Wal-Mart to record labels: Ditch DRM!


  1. Bloo says:

    Someone at Wal-Mart read “The Long Tail” and realized that they could benefit from infinite shelf space and by making it easier for customers to buy things, which of course makes it easier to sell things.

    This is one of those (rare? but I don’t have numbers to back it up) cases where business advantage actually benefits the consumer.

  2. Moon says:

    It’s hard to believe that on-line music suppliers are in red ink.

  3. TheFirstMan says:

    Wonderful! Now perhaps they could offer their workers a decent living!

    I don’t have sympathy for the invisible hand of the market when it’s been slapping people silly for so long.

    And why are we hoping for the revitalization of the major label system, exactly?

  4. fnc says:

    They’d be wise to listen. I did iTunes for a while because I wanted to get digital music legally, but I’ve started buying my music at Amazon strictly because I get music that I can just play where I want.

    PC, at home or work? Plays fine.

    MP3 player I got on impulse because it was cheap a few years ago? Plays fine.

    Wife’s ipod? Plays fine.

    Media capable phone? Plays fine.

    So, I said goodbye to DRM. Can’t buy what I want as an unlocked MP3? Then I just won’t buy it.

  5. jphilby says:

    “the red-ink-fest that is every DRM music store except, perhaps, iTunes)”

    “Perhaps” iTunes?? Does BB know something it isn’t sharing?

  6. ray9x says:

    The market prevails! To put it succinctly, “w00t!”

    But then there’s the whole issue of the fine print; will the language be similar to UMG’s new classical music store that sells 320CBR files but says that “This Content may be owned by [Retailer] or by third parties”?

    And furthermore, you can bring into question Wal-Mart’s other media related practices, like not carrying CDs that have a “Parental Advisory” sticker on the front.

    We can’t just be trading one monopoly for another, right? :)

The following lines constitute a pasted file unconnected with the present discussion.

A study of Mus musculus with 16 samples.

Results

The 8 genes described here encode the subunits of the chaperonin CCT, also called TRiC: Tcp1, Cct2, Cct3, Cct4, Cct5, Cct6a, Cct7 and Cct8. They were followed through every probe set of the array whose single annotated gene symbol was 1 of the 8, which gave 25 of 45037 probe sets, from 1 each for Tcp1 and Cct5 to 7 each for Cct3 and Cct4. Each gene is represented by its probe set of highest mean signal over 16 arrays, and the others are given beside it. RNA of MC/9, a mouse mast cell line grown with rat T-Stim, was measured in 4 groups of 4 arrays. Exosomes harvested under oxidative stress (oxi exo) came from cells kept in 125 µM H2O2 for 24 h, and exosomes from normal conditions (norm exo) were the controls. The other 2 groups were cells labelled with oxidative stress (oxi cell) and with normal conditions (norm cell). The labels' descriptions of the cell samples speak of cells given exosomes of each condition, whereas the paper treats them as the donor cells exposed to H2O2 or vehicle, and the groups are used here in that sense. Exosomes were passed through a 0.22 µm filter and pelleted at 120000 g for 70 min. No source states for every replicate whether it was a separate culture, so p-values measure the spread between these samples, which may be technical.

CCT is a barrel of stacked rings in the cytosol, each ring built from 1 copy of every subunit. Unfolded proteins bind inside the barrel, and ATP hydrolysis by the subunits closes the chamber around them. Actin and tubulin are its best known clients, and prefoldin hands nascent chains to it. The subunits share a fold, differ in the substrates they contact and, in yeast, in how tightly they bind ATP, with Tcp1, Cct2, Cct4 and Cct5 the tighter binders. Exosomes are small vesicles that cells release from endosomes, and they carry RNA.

7. Kevitivity says:

    More than anything, Wal-Mart understands business.

  8. Peterus says:

    If not even big retailers support DRM lobbists… than who’s left?

    From other post one could assume… Canadian goverment!

  9. alsenior says:

    Nice to see someone with this sort of clout stand up to the record labels.

  10. Svein Olav Nyberg says:

    It seems Wal-Mart may be both hero an villain, if we are to believe this article:

    http://www.demonbaby.com/blog/2007/10/when-pigs-fly-death-of-oink-birth-of.html

    Quote: “[W]hy don’t labels adapt to the changing nature of distribution by selling new albums online as soon as they’re finished, before they have a chance to leak, and release the physical CDs a couple months later?” Well, for one, labels are still obsessed with Billboard chart numbers – they’re obsessed with determining the market value of their product by how well it fares in its opening week. Selling it online before the big retail debut, before they’ve had months to properly market the product to ensure success, would mess up those numbers (nevermind that those numbers mean absolutely nothing anymore). Additionally, selling an album online before it hits stores makes retail outlets (who are also suffering in all this) angry, and retail outlets have far more power than they should. For example, if a record company releases an album online but Wal-Mart won’t have the CD in their stores for another two months (because it needs to be manufactured), Wal-Mart gets mad. Who cares if Wal-Mart gets mad, you ask? Well, record companies do, because Wal-Mart is, both mysteriously and tragically, the largest music retailer in the world. That means they have power, and they can say “if you sell Britney Spears’ album online before we can sell it in our stores, we lose money. So if you do that, we’re not going to stock her album at all, and then you’ll lose a LOT of money.” That kind of greedy business bullshit happens all the time in the record industry, and the consistent result is a worse experience for consumers and music lovers.

    So at least if we’re to believe this article, Wal-Mart must carry a lot of the blame for why we don’t have the kind of e-music store we want already.